Arrogant, entitled Aaron Rodgers thinks he’s untouchable. NFL must prove he’s not.
There, the league can see photos of Rodgers boarding the team’s charter flight for away games. On the quarterback’s Instagram account, there’s Rodgers boarding, walking next to coach Matt LaFleur. On the Packers’ Instagram account is a nice shot of a handsome Rodgers strolling toward the charter flight like he’s on a modeling shoot. It’s a really pretty picture.
Photos of Rodgers boarding the team’s charter flight have been posted almost every week of the season. Rodgers would post, then the Packers would follow. The photos are significant because they show proof of two things.
First, they show a massive violation of one of the NFL’s most important COVID policies: Unvaccinated players are prohibited from traveling on team charters and must travel to road games separately.
It’s obvious why the league has this rule. An unvaccinated player poses a greater threat to people while in the confined space of an aircraft. In this case, those people are Rodgers’ teammates and coaches (and by extension, the family and friends of those players and coaches). Unless Rodgers was behind a force field, sat in the bathroom for the flight or was encased in carbonite, it was a flagrant rules violation. Not just by Rodgers, but the team. The Packers knew he was unvaccinated but still, arrogantly, allowed him to travel with the team.
The photos are important for another reason. They are a perfect documentation of what privilege looks like.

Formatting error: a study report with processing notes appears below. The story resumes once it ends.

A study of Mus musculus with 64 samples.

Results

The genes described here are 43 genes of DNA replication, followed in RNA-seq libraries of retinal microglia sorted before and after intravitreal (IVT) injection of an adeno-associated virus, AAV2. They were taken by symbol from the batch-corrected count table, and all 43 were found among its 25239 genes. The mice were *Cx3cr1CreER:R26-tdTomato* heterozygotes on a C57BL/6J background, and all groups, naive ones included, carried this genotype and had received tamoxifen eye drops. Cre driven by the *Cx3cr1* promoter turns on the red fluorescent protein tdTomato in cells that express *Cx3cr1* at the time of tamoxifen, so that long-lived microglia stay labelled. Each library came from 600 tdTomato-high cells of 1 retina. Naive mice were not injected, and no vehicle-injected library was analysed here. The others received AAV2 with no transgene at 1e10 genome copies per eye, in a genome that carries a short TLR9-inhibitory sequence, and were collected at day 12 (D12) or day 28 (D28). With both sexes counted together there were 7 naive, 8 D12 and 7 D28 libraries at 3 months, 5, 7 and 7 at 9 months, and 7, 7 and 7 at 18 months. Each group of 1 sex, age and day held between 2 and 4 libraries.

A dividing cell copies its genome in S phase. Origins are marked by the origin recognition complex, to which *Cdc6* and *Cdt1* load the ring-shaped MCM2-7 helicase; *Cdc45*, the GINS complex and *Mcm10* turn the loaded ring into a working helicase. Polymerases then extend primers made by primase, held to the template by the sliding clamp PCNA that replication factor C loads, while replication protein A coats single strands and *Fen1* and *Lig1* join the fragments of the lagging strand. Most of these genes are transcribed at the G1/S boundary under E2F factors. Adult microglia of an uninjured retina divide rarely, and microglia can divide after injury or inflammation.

This is why the NFL must punish Rodgers and the Packers, the way it did other players who don’t have Rodgers’ stardom.
This was important even before Rodgers’ bizarre, infuriating and disgraceful appearance on the “Pat McAfee Show.” Now it’s even more vital since it’s clear his arrogance and obvious belief that he’s untouchable created an environment of entitlement. Look at his attitude. Look at those photos.
Some of Rodgers’ other actions truly give the league no choice. On McAfee’s show, Rodgers likely lied, again, when he claimed an NFL doctor told him a vaccinated person couldn’t transmit or get COVID.
The NFL pushed back, releasing a statement saying: “No doctor from the league or the joint NFL-NFLPA infectious disease consultants communicated with the player. If they had, they certainly would have never said anything like that.”
Also, in a demonstrative show of arrogance, Rodgers said he didn’t like the league’s rules about wearing a mask at press conferences, so he decided not to follow them.
Rodgers, even when it comes to a deadly virus, feels he can do whatever he wants.
The protocols are useless if a player or team decides not to follow them. This might be particularly true with the Packers. My guess is the team is genuinely terrified of Rodgers and let him roll however he wanted.
The Packers were probably more scared of Rodgers than they were of the virus.
Only the power of the NFL can corral that solar-system-sized ego of Rodgers. The Packers were likely afraid to tell him he couldn’t travel with the team, so it’s up to the NFL to make sure he knows who runs the sport.
The NFL has sent this message before. It has the power to fine a franchise or dock draft picks. That’s what it did to the New Orleans Saints last year for violating COVID rules, fining them $700,000 and taking a sixth-round pick.
The Las Vegas Raiders last year were fined $800,000 after the league found multiple violations, and they also lost a sixth-round pick (the league later reinstated the pick after the Raiders appealed).
Those are fairly significant fines, and it shows the league takes this seriously.
If the NFL doesn’t punish the Packers and Rodgers, despite clear evidence of multiple violations, it will look like it’s taking it easy on him because he’s Aaron Rodgers.
This is why it must do something. To let him know he has to follow the rules, too, no matter how popular or talented he is, and because without protocols, you could quickly face an out-of-control outbreak.
You could lose the season … or worse.
This article originally appeared on USA TODAY: Aaron Rodgers thinks he’s untouchable. NFL must prove he’s not.